Issued by the Catholic Center for Studies and Media - Jordan. Editor-in-chief Fr. Rif'at Bader - موقع أبونا

Published on Thursday, 23 March 2023
New altar at Dormition Abbey: “Representing God in our midst"

Miral Atik/ :

On Tuesday, March 21, 2023, on the Solemnity of the Transitus of Saint Benedict, the Dormition Abbey consecrated its new altar. The Mass was presided over by Cardinal Rainer Maria Woelki, president of DVHL, and was concelebrated by Mgr William Shomali, General Vicar, Mgr Giacinto-Boulos Marcuzzo, bishop emeritus, Abbot Nikodemus C. Schnabel, osb, the newly elected abbot of the Dormition Abbey and Tabgha, as well as several other bishops and priests representing other churches in Jerusalem.


“It is a joyful day for us here in Jerusalem, as we dedicate this newly restored altar after two years of works. The Dormition Abbey is a place of prayer amid a city yearning to find its vocation of peace. The prayers of the Benedictine monks who live on Mount Zion play a great role in accomplishing this peace. We know this from ‘the prayer for the peace of Jerusalem’ found in Psalm 122, verse 7: ‘May those who love you be secure. May there be peace within your walls and security within your citadels’. These words hold a lot of meaning as we recite them from this place,” said Mgr Shomali, who concelebrated the celebration on behalf of His Beatitude Pierbattista Pizzaballa, Latin Patriarch of Jerusalem.


A representative of the German Embassy in Tel Aviv, and representatives of multiple German institutions in the Holy Land attended the celebration, as well as a great number of faithful.


Mgr Woelki presided over the Rite of Consecration, which is done according to the Roman Pontifical Book. The rite includes several elements: Holy water, relics of Saints, Chrism oil, and incents. The consecration invokes the Holy Spirit to come and dwell within the altar, making it Sacred and worthy to receive the Blood of Jesus. “The altar becomes a representation of God’s presence in our midst,” said Mgr Woelki.


The rite first began with the Litany of Saints, as the Cardinal went around the altar sprinkling it with Holy water. Then, he placed the relics of the apostles, a handwritten Bible, and the Rule of St. Benedict inside the new altar, which was sealed with a mosaic, created by a benefactor of the Dormition. This stage of the consecration refers to the liturgy as it is presented in the book of Revelation: “I [John] saw under the altar the souls of those who had been slain for the word of God.”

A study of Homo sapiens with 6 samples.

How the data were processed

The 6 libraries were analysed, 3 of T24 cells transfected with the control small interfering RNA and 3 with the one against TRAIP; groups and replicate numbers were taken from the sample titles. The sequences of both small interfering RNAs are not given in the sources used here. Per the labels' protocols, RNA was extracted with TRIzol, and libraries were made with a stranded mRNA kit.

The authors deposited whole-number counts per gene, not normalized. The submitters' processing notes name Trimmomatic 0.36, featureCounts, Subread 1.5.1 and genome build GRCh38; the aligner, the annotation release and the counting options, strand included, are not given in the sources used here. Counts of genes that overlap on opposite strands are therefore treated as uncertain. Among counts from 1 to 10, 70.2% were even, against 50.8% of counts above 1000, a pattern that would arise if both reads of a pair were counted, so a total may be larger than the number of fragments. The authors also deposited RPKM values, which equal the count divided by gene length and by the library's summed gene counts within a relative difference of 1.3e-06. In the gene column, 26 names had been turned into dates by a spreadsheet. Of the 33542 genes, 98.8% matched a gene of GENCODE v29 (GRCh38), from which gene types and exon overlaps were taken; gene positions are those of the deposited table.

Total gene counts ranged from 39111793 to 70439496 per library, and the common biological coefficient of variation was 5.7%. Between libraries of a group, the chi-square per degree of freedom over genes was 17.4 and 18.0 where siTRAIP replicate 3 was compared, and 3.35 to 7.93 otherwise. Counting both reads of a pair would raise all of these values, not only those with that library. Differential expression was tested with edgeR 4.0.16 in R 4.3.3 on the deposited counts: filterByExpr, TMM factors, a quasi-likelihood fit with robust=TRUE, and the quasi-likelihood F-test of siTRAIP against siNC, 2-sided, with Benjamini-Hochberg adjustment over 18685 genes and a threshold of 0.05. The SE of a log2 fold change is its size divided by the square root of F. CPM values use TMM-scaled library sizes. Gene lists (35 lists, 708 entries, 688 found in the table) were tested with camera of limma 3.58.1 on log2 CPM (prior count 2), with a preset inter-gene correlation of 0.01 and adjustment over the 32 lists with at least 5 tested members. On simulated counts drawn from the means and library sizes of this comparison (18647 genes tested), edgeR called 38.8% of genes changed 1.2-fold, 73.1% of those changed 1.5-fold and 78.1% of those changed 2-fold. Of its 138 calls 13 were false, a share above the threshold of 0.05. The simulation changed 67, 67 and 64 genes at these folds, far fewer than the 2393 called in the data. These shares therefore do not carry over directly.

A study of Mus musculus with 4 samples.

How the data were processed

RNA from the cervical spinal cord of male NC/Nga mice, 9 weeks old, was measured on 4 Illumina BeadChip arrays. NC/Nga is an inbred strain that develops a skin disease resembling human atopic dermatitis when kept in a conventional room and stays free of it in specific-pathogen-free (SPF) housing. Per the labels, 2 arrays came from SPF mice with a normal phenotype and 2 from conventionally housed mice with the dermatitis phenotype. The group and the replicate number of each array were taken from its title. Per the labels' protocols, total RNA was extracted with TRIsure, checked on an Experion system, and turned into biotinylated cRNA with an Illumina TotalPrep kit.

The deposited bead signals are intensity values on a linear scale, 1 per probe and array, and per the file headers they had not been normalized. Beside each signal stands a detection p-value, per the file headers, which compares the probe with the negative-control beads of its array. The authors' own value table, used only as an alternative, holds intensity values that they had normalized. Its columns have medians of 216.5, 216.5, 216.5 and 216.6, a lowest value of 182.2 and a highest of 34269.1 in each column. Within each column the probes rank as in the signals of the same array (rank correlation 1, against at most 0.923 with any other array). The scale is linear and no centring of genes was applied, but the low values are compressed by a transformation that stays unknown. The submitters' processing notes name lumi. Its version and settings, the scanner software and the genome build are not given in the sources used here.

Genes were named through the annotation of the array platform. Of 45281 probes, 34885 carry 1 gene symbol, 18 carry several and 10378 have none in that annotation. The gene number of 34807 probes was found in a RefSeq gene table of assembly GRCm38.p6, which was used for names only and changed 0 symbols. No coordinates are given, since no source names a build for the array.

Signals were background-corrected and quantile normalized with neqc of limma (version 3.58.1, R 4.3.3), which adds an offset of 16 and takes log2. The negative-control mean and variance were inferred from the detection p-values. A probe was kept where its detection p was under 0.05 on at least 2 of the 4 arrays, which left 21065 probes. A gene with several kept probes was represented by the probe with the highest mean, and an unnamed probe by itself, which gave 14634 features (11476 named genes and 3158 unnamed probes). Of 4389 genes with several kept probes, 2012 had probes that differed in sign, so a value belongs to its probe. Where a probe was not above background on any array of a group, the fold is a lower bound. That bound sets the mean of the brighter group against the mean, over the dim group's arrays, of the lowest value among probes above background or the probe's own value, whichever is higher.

Then, after the top of the altar was anointed with sacred Chrism, incense was placed and burnt on the five crosses, which were engraved in the corners and center of the altar, representing the five wounds Jesus bore on the cross.


During the burning of the incense, the Cologne Cathedral Choir sang an antiphon from the Book of Revelation: “Another angel, who had a golden censer, came and stood at the altar. He was given much incense to offer, with the prayers of all God’s people, on the golden altar in front of the throne,” followed by the words: “Come, Holy Spirit, fill the hearts of Thy faithful, and enkindle in them the fire of Thy love.”


Finally, Mgr Woelki recited the words of the prayer of consecration that emphasizes the importance of the altar in the history of salvation.  


In his homily, Mgr Woelki compared the consecration of the altar to the consecration of a child through baptism, communion and confirmation, saying: “The same way Christians get sanctified and become part of a new creation by receiving these sacraments, the altar gets sanctified by Chrism oil and holy water.”


During the celebration, Abbot Nikodemus expressed his gratitude to the German federal government for its support of the abbey’s ongoing renovation and spoke about the celebration, saying: “The altar is the center of every church. With the consecration of the new altar, the center of our church and monastery is now solemnly restored, not only provisionally, but permanently. We as a monastic community say yes to this center that makes Christ present in our midst.”


The Dormition Church is a German Catholic Church, given in 1910 to the German Kaiser Wilhelm II. Due to its round shape, the church building is distinct from other churches in Jerusalem, which are usually rectangular. The design of the church incorporates elements from East and West. The church was built on the site in which Mary, mother of Jesus, fell into an eternal sleep, hence the name “Dormition”.